Jewish World Review July 12, 2002 /3 Menachem-Av 5762

Clarence Page


Last flight for a pioneer airman | Next to the listing for "discipline" in dictionaries, they should put a picture of the late Gen. Benjamin O. Davis, Jr.

It would be a fitting tribute to a war hero and a reminder of the valuable lessons that he has left us about living.

Whether sitting for an interview or riding in a Jeep, Davis seemed even to sit at attention-chin up, chest out, shoulders back-the very embodiment of discipline until his final years.

Such memories came rushing back to me when I heard that Gen. Davis had died at age 89 of Alzheimer's disease at Walter Reed Army Medical Center in Washington on the Fourth of July.

He could hardly have left us on a more appropriate date. Davis called it a "privilege" to be an American, even when some Americans did not feel privileged to have him.

At West Point, Davis was "silenced" for all of his four years because he was black. That meant none of his fellow cadets would speak a word to him except in the line of duty. No black cadet since the 1800s had made it all the way through. But Davis did. He felt like "a prisoner in solitary confinement," he would later write. Yet, he persevered. In 1936, he graduated 35th in a class of 276 students.

"I was always a pretty stubborn kid," Davis told me in an interview in 1991 after his autobiography came out. His silver-gray mustache curled up into a wry half-smile.

I asked him if any of his classmates had ever apologized. "Oh, yes," Davis said. His voice was still deep and clear. "They all have."

We were sitting in the Air and Space Museum. Behind us were P-47 Thunderbolts and P-51 Mustangs, speedy propeller-driven fighter planes like those Davis flew during World War II as commander of the "Tuskegee Airmen." Named for the Alabama base where they trained, they were the only black flying units in America's segregated military.

Davis showed not an ounce of bitterness or resentment for the extra burdens his African ancestry had brought him.

I later discovered that he had revisited West Point in the late 1980s and seen a new photo exhibit of outstanding cadets. The Class of 1936 was represented by just two graduates: Gen. William C. Westmoreland, commander of American forces in Vietnam and a former superintendent at West Point, and Gen. Davis.

Living well is the best revenge, someone once said. Outlasting your tormenters is not bad, either.

Davis' sense of honor, duty, patriotism and discipline came early. His father, Benjamin O. Davis Sr., an officer in a black cavalry unit when the younger Davis was born, later became the Army's first black general. In 1954, the younger Davis became the first black general in the Air Force.

But, first, he and his men had to shatter some racial myths. In 1941, many of the top brass in the War Department resisted pressures from the Roosevelt Administration, which was itself pressured by civil rights leaders, to create a black flying unit. They insisted that blacks lacked the mental and physical abilities for combat aviation. Blacks mostly were relegated to menial chores in the military. In a reverse of Yossarian, the flyer in Joseph Heller's "Catch 22" who could not get out of combat, black flyers kept running up against barriers to keep them from getting into combat.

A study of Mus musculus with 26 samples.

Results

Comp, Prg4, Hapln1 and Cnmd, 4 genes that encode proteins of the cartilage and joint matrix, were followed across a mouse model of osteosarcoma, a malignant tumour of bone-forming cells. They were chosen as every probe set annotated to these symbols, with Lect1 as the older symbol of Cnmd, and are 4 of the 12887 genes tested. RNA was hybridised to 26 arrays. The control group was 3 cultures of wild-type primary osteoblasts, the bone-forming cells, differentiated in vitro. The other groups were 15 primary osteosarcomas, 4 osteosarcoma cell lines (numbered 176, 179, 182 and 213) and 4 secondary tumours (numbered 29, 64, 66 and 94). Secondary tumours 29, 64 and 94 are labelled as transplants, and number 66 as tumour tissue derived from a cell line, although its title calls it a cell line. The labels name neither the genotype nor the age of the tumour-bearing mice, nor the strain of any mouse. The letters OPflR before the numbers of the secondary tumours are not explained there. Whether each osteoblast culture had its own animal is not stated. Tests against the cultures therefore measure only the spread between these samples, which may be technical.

So, when they finally had their opportunity to fly for their country in Europe against the German Luftwaffe, a lot was riding on their wings. Under Davis' command, the 332nd Fighter Group compiled an outstanding record. They shot down 111 enemy planes and destroyed or damaged 273 on the ground while losing more than 70 of their own pilots who were killed in action or missing.

Their proudest achievement: Not one of the bombers they protected on escort missions was lost to an enemy fighter.

That performance record was very important to the young American men in those bombers. "We would watch them as they dispersed the enemy with their superior skills," a former navigator on a B-24 bomber over Italy recalls in Stephen Ambrose's World War II book "The Wild Blue." "They never let the Germans get close enough for our gunners to fire at the enemy."

When he and his fellow bomber crewmen happened to meet some black pilots later on the ground, the grateful navigator recalled, "The drinks were on us."

Let the record show that bigotry often fell away at high altitude over enemy territory. Davis left the Air Force as a lieutenant general, wearing three stars, the senior black officer in the armed forces. In 1998, President Bill Clinton awarded Gen. Davis his fourth star, advancing him to full general.

Among the two dozen or so "Red Tails," as the black flyers were called because of their planes' distinctive markings, whom I have interviewed over the years, all spoke admiringly of Davis, even when they made fun of his stiff, no-nonsense military manner. He paid his dues, I was told repeatedly, and he came through with his head held high in ways that helped his men to get through, too.

By embracing America, even when some of its people abused him, Davis strengthened the resolve of his men in ways every military commander must. "The privileges of being an American belong to those brave enough to fight for them," Davis used to tell his troops. Something about his bearing had a way of making you believe what he said. Maybe it was that West Point manner.

His battle against racism at home continued long after the battle against Nazism abroad ended, Davis used to say. His fight is now done. For the rest of us, the fight goes on.